TOKYO (Reuters) – Honda Motor Co on Thursday recalled close to 5 million vehicles fitted with potentially faulty Takata Corp air bag inflators, as investigations showed the problem behind one of the biggest auto safety crises may be more widespread than thought.

The latest move by Japan’s third largest automaker brings the overall global total of vehicles recalled for Takata-related air bags to around 36 million since 2008, and comes a day after Toyota Motor Corp and Nissan Motor Co recalled 6.5 million vehicles worldwide.

Daihatsu Motors Co Ltd said it recalled nearly 260,000 cars.

Honda said it decided to recall the cars after finding some Takata bag inflators were not sealed properly, allowing moisture to seep into the propellent casing that could make the air bag explode with excessive force, shooting shrapnel inside the vehicle.

Six deaths have been linked to defective air bags, all on cars made by Honda, which has borne the brunt of the Takata recalls to date, and which posted disappointing profit forecasts last month citing high quality-related costs.

Automakers have been conducting their own investigations into Takata air bags.

Most of Takata’s previous recalls were to replace air bags made at factories in the United States and Mexico where moisture got into the casing, the company and automakers have said.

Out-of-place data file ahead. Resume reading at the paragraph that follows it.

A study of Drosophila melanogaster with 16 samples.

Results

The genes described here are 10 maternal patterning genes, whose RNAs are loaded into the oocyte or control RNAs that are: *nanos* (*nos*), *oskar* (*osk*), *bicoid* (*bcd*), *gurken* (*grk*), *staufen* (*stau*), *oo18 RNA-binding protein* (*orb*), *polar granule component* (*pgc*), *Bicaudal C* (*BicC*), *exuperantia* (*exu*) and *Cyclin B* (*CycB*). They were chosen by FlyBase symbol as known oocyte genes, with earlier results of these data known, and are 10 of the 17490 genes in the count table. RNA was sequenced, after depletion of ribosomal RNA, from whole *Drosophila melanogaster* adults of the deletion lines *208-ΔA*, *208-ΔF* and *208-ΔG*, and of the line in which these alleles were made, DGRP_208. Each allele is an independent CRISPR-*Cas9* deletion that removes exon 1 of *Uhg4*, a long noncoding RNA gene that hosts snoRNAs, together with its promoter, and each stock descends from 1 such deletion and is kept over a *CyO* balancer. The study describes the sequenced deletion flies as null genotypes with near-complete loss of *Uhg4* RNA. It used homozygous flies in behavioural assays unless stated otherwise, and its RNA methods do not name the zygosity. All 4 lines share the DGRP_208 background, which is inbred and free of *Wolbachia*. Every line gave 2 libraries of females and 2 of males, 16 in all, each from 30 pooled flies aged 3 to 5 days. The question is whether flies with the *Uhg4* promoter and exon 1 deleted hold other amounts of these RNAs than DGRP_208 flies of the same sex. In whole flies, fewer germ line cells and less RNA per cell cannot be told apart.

“While we are not able to determine the cause of the problems there is a possibility there will be more recalls,” said Honda spokesman Teruhiko Tatebe.

Honda, Toyota and Nissan said the recalls were precautionary, and there were no reports of accidents or injuries.

Asked about the latest recalls, a Takata spokesman said the company would continue to cooperate with the automakers.

Takata Chief Financial Officer Yoichiro Nomura told analysts on Thursday that the company, which has boosted production to supply replacement inflators, had “no plans for now” to set aside more cash for the latest recalls, the spokesman added.

RIVAL SUPPLIERS

Honda said it would use replacement parts supplied by Takata rivals Autoliv and Daicel Corp, as well as by Takata itself. It said the recall, which includes its Fit subcompact, did not affect any vehicles in the United States – where most of its previous recalls have been.

The total Takata-linked recalls top the largest U.S. recall of 21 million vehicles by Ford Motor Co in the 1980s for a

parking gear problem, according to U.S. safety regulators and safety advocates.

Takata faces multiple class-action lawsuits in the United States and Canada, as well as a U.S. criminal investigation and regulatory probe.

It has said it expects to return to profit this financial year even though it made few provisions for costs related to the recall.